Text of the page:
Claudia Ruff writes about her last days with Tamer Alawam in Syria:
We arrived in Aleppo on August 28th, finding the city in a state of war, with bombing and shelling going on 24 hours a day. People were trying to escape, often after being forced to abandon their ruined homes.
Tamer wanted to do more than document the situation and the cruelty people are enduring. He also wanted to show how they deal with it, how they manage to survive, and how some of them choose to join the fight against the regime.
The last project we were working on in Aleppo was a report about the different groups involved in the fight against the state’s army, showing that these people aren’t extremists who only want to blow themselves apart as suicide bombers, as the Assad regime continues to insist. Tamer wanted to show in pictures and interviews that, alongside many former soldiers from the state army who have defected in recent months, many former civilians have started to fight against the regime as the only possibility of defending their country, their families and their friends. There was nobody who didn’t lose members of their family or their friends in the last few months, and every day horrible news about the death of loved ones arrives.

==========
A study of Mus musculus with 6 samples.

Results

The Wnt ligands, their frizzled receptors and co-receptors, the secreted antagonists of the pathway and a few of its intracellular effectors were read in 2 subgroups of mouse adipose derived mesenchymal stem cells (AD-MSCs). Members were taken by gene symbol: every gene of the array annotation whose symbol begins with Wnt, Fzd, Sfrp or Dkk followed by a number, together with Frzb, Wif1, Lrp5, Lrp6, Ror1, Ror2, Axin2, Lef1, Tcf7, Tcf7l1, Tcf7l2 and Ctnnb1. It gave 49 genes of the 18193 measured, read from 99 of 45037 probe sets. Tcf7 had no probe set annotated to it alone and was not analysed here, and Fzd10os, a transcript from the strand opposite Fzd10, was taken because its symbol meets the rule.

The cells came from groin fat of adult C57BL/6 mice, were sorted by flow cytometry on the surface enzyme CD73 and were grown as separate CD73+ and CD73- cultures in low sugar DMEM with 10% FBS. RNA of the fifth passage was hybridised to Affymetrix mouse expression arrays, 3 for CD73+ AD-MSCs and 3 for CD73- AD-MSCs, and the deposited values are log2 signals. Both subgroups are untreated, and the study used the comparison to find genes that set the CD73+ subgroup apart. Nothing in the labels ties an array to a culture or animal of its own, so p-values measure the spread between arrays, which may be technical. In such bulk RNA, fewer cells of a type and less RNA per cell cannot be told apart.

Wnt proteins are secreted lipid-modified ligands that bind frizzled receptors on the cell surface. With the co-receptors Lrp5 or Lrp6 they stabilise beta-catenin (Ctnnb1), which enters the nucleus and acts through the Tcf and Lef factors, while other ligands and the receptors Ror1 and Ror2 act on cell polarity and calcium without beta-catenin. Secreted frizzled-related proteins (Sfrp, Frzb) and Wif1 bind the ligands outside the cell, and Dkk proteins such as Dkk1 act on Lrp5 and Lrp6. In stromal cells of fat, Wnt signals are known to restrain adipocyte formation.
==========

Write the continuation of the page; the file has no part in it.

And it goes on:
Tamer’s heart and mind were always in Syria, even when he was in Berlin. He suffered with every new report he received from his country; and suffered even more being in Berlin, as he always felt that he needed to do more and more and more to end this cruelty. So, going to Syria was something of a relief for a few days, even when he put his life in serious danger by doing so – and lost his life in the end.
On September 8, the regime’s army was trying to reconquer a block very near the place where we had just managed to set up a new media center. With the FSA we directly went there to cover the counter attack. The area was heavily shelled; we were a street away from front-line. When I heard the explosion I did what I always did: I found a shelter. When I saw Tamer being pulled out from under some blasted debris, I froze. He died the next morning in a hospital.
With Tamer we lost not only a great filmmaker and writer, but also a great personality with a fierce will to fight dictatorship, a person who didn’t care that much about his personal interests and needs, but instead concentrated completely on the cause of a free Syria. I personally also lost a great and beloved friend, someone who I will never forget.